Updated: Apr 2, 2020
Back in the late 1980’s, I spent my New Year’s holiday at Bryce Canyon National Park in Utah. Peering down from the rim over hundreds of snow-topped hoodoos, stone columns which often tower over a hundred feet and are the main draw of the park, a spectacular sight beaconed in the distance. It was an area of unprotected public lands administered by the Bureau of Land Management called Grand Staircase-Escalante.
Finally, in 1996, the area gained protection as a national monument by President Clinton. Ryan Zinke, the Interior Secretary under President Trump, however, recently announced that Grand Staircase-Escalante National Monument would be significantly reduced in size.
While we tend to hear more about climate change in the news, there currently is a full-pronged assault on conservation, water quality, air particulate regulations and almost any other environmental laws, as a grab for public lands and waters for fossil fuel extraction and mining runs rampant.
With much of our focus on issues of social justice, and frankly not having a “champion” on the committee for environmental issues, we tend to gloss over our commitment in the Ministry for Social Justice and the Earth to the “Earth” part of our name. Yet we live in a time in which the gains of the environmental movement are under attack unlike any time in the last fifty years. And often social justice intersects with racial and economic justice, as those most touched by environmental problems are more often poor and minority communities.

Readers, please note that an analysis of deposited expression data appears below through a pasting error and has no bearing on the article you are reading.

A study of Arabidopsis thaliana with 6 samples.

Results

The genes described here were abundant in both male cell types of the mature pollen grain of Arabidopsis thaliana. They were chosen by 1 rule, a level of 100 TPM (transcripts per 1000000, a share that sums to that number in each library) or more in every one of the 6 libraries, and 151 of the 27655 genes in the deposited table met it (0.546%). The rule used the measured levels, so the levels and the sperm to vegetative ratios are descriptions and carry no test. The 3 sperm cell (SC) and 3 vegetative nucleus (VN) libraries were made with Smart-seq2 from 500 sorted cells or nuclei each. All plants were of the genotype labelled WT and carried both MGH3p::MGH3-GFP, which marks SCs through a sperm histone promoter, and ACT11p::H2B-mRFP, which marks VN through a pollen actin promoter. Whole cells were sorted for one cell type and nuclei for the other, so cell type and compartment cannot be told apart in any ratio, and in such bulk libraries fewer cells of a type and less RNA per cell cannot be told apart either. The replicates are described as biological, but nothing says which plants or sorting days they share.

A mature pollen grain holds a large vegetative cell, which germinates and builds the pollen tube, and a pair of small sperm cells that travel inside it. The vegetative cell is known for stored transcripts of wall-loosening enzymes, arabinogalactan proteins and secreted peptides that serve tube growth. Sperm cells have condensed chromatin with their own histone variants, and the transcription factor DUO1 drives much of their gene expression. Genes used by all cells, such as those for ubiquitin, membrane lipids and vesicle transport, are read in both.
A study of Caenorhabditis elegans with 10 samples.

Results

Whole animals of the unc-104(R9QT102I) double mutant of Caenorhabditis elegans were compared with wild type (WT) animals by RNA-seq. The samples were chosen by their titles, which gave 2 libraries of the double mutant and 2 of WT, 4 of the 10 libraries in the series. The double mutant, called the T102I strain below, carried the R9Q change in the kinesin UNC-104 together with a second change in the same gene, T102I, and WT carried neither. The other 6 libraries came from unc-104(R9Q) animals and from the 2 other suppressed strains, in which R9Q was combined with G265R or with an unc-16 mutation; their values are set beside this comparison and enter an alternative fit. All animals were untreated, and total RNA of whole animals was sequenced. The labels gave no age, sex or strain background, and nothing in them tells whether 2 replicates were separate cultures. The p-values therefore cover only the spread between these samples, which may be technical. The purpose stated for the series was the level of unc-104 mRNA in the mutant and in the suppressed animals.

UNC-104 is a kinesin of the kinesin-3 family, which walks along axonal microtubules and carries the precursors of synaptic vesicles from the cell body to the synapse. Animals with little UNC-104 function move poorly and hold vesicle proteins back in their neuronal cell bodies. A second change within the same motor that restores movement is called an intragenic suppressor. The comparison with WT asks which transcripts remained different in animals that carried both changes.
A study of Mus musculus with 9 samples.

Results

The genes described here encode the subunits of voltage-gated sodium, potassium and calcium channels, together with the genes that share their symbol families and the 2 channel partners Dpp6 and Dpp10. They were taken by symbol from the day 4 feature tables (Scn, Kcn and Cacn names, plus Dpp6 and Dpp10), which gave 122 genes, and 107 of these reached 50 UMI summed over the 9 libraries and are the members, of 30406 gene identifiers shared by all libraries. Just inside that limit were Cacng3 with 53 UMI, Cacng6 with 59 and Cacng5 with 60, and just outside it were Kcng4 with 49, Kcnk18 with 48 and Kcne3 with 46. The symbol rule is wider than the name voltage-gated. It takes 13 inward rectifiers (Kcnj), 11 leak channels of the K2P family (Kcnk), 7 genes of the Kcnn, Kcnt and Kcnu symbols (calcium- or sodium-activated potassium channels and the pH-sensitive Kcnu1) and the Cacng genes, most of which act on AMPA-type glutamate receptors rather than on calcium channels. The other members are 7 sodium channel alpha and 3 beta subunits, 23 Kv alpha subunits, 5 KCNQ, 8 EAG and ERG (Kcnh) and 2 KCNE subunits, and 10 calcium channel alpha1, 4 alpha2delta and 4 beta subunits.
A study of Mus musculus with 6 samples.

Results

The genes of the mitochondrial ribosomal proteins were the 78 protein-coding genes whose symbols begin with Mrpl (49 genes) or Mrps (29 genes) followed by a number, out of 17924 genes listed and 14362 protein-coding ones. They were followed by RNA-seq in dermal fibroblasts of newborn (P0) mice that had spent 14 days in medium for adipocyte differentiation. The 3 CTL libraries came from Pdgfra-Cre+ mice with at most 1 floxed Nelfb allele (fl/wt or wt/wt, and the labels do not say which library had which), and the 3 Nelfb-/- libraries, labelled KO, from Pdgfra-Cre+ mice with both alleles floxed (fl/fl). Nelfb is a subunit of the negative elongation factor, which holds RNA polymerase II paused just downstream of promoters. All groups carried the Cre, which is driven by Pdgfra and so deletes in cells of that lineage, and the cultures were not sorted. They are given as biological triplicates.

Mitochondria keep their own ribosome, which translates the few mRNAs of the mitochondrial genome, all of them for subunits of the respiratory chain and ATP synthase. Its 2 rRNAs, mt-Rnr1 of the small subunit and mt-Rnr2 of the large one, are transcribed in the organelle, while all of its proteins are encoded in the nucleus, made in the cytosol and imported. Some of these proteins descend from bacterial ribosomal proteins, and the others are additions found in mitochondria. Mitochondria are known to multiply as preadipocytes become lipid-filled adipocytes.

To start to remedy this, perhaps we can look for ways to be a greener congregation. As we move into the design and building stage of our new home, we will have an opportunity to build with a strong emphasis on materials and energy. We can also examine what we can do to see that climate and environmental justice action does not overlook those most affected.